Snow causes travel chaos across Scotland


Motorists in Scotland are being urged to exercise caution as a band of snow moves across the country.

There have been a series of accidents, including on the A82 where five people were hurt in a two-car crash near the Glencoe Mountain Resort.

Local police asked drivers to avoid the area where drifting snow and white-out conditions were described as "hazardous".

A Met Office yellow weather warning for snow and ice is in force until 18:00.

At the height of the problems at Glencoe, the road was closed while police dealt with the aftermath of the accident.

Insp Jen Valentine urged people in the ski resort and in homes and hotels in the area to stay put.

She said: "We have officers at the scene of the collision and the weather conditions in the area are extremely poor.

"We have closed the A82 while we deal with the collision and get those injured off to hospital and I would ask that drivers avoid the area in the meantime.

"For those who are currently at Glencoe Mountain Resort or at home, hotels or restaurants in the area I would urge them to stay where they are and stay safe and warm as there will potentially be a significant delay due to road conditions in getting people out of the area."

The road was later opened to traffic leaving the ski centre but it remained closed to all other vehicles as road conditions remained "challenging" with drifting snow.

It came a day after police reported six-mile queues of traffic around the ski resort, as people tried to get on the slopes.

Police said the snow gates on the A9 at Dalwhinnie had been closed due to the conditions.

And ScotRail tweeted that due to the conditions at Dalwhinnie, services between Inverness and Glasgow Queen Street and Inverness and Edinburgh may be delayed by up to 70 minutes.

Delays were also experienced on the A1 near Reston for more than four hours after a car transporter ended up across the road, blocking the road completely.

The road has since reopened.

Earlier drivers in the south-west were urged to "avoid unnecessary journeys" following a spate of road accidents.

Police said heavy snowfall across Dumfries and Galloway was causing problems on roads including the A75, which was blocked at the Glen for a short time.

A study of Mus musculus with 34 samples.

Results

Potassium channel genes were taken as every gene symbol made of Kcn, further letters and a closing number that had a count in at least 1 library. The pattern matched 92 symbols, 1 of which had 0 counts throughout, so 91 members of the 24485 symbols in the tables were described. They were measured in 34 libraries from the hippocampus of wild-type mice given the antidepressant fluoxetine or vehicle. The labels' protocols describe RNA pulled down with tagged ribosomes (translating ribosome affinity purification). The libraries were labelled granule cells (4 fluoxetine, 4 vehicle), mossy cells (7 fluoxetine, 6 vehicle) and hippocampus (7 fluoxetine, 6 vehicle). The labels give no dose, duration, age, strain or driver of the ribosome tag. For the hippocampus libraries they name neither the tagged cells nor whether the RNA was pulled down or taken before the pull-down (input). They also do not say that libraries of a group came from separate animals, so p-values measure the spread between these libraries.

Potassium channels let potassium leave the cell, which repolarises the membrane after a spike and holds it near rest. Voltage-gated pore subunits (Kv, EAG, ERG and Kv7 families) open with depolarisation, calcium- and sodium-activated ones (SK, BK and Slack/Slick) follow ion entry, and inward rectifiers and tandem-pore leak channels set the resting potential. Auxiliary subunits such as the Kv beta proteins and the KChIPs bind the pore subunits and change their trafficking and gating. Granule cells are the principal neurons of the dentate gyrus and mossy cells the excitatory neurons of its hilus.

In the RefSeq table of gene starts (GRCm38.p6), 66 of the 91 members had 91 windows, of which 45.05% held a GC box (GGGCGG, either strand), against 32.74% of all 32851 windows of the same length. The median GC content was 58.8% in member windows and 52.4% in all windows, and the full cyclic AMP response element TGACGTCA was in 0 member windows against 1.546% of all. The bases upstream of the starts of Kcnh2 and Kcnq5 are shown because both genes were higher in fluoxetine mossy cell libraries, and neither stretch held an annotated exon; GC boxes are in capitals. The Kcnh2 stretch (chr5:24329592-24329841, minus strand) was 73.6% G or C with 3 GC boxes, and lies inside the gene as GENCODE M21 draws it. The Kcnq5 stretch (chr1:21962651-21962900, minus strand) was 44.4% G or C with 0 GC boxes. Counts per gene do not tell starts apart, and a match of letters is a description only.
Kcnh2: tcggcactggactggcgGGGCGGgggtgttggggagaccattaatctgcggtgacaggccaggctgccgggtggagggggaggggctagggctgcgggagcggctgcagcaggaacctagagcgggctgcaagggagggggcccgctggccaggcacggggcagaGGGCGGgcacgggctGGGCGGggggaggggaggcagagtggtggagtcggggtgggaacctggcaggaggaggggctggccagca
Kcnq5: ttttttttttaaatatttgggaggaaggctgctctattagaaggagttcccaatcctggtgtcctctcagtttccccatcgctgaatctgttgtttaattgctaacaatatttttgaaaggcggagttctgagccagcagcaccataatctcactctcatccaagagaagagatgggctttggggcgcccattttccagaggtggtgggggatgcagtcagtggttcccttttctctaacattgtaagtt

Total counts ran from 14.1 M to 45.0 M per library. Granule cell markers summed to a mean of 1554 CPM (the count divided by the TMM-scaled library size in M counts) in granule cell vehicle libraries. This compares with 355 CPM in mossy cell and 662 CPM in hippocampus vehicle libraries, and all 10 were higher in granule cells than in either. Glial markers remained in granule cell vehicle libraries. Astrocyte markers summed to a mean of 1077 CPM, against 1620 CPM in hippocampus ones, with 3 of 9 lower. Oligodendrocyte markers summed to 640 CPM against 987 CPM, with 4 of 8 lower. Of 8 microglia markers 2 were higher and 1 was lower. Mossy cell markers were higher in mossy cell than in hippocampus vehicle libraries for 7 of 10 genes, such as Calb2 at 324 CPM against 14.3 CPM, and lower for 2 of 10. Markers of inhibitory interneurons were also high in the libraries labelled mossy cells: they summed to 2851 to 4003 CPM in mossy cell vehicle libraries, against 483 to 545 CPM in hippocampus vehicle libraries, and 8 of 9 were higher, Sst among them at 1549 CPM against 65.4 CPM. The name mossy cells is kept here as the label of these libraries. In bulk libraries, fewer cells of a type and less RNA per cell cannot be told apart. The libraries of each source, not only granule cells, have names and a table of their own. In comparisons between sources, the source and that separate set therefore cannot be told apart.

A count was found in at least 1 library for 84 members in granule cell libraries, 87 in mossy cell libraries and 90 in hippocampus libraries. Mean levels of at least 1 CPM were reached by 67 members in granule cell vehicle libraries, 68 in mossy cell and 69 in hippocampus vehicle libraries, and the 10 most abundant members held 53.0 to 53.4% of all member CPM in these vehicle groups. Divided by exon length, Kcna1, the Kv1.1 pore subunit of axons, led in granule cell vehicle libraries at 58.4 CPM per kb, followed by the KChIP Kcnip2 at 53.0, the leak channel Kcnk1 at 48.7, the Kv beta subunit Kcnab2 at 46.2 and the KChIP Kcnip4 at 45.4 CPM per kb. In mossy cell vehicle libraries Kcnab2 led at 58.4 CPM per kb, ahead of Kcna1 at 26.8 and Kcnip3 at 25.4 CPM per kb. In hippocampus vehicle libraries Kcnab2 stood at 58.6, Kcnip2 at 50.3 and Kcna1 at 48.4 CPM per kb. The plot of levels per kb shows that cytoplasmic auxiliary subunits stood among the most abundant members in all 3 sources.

Police later said it had been gritted and was "passable with care".

Heavy snow was also affecting the A76, the A701, the A709 and the A713 Castle Douglas – Ayr road, where there were a number of accidents.

In their latest statement, police in Dumfries said: "If you are having to drive, please slow down and drive to the conditions."

Traffic Scotland also urged drivers to check their routes before setting off and to ensure they were carrying emergency supplies in case they get stuck.

Police Scotland's control room said they were dealing with a number of weather-related incidents and road closures.

Glasgow Airport was closed for a short time while the runway was cleared of snow.

North Wales Police also warned of poor conditions on the roads due to snow and ice, particularly on routes in Snowdonia.

Meanwhile, the Mountain Road was closed on the Isle of Man due to snow.

In Northern Ireland, a yellow warning of ice was in force until 09:00 on Sunday, while a yellow warning of rain runs until 15:00.

The yellow "be aware" warning covers much of inland Scotland, and was later extended to cover the north-west Highlands and parts of the Western Isles.

Large swathes of England may also be affected, with areas as far south as Hertfordshire, Essex and Suffolk covered by the warning.

Saturday night saw the coldest temperature recorded in the UK since February 14 2016, when -14.1C was recorded at Braemar.

Despite the frigid temperatures in the far north, the mercury rose to 11C in the far south west of England.

Met Office forecaster Steven Keate said the near 20C difference, caused as warmer air moves in, was "pretty unusual for the UK".

"The broad theme is it is turning milder from the west, but before we get there some snow will fall," he said.

What the weather warning colours mean

  • Yellow: Severe weather expected. Yellow means you should plan ahead thinking about possible travel delays, or the disruption of your day-to-day activities.
  • Amber: Be prepared for disruption. There is an increased likelihood of bad weather affecting you, which could potentially disrupt your plans and possibly cause travel delays, road and rail closures, interruption to power and the potential risk to life and property.
  • Red: Extreme weather is expected. Red means you should take action now to keep yourself and others safe from the impact of the weather. Widespread damage, travel and power disruption and risk to life is likely. You must avoid dangerous areas and follow the advice of the emergency services and local authorities.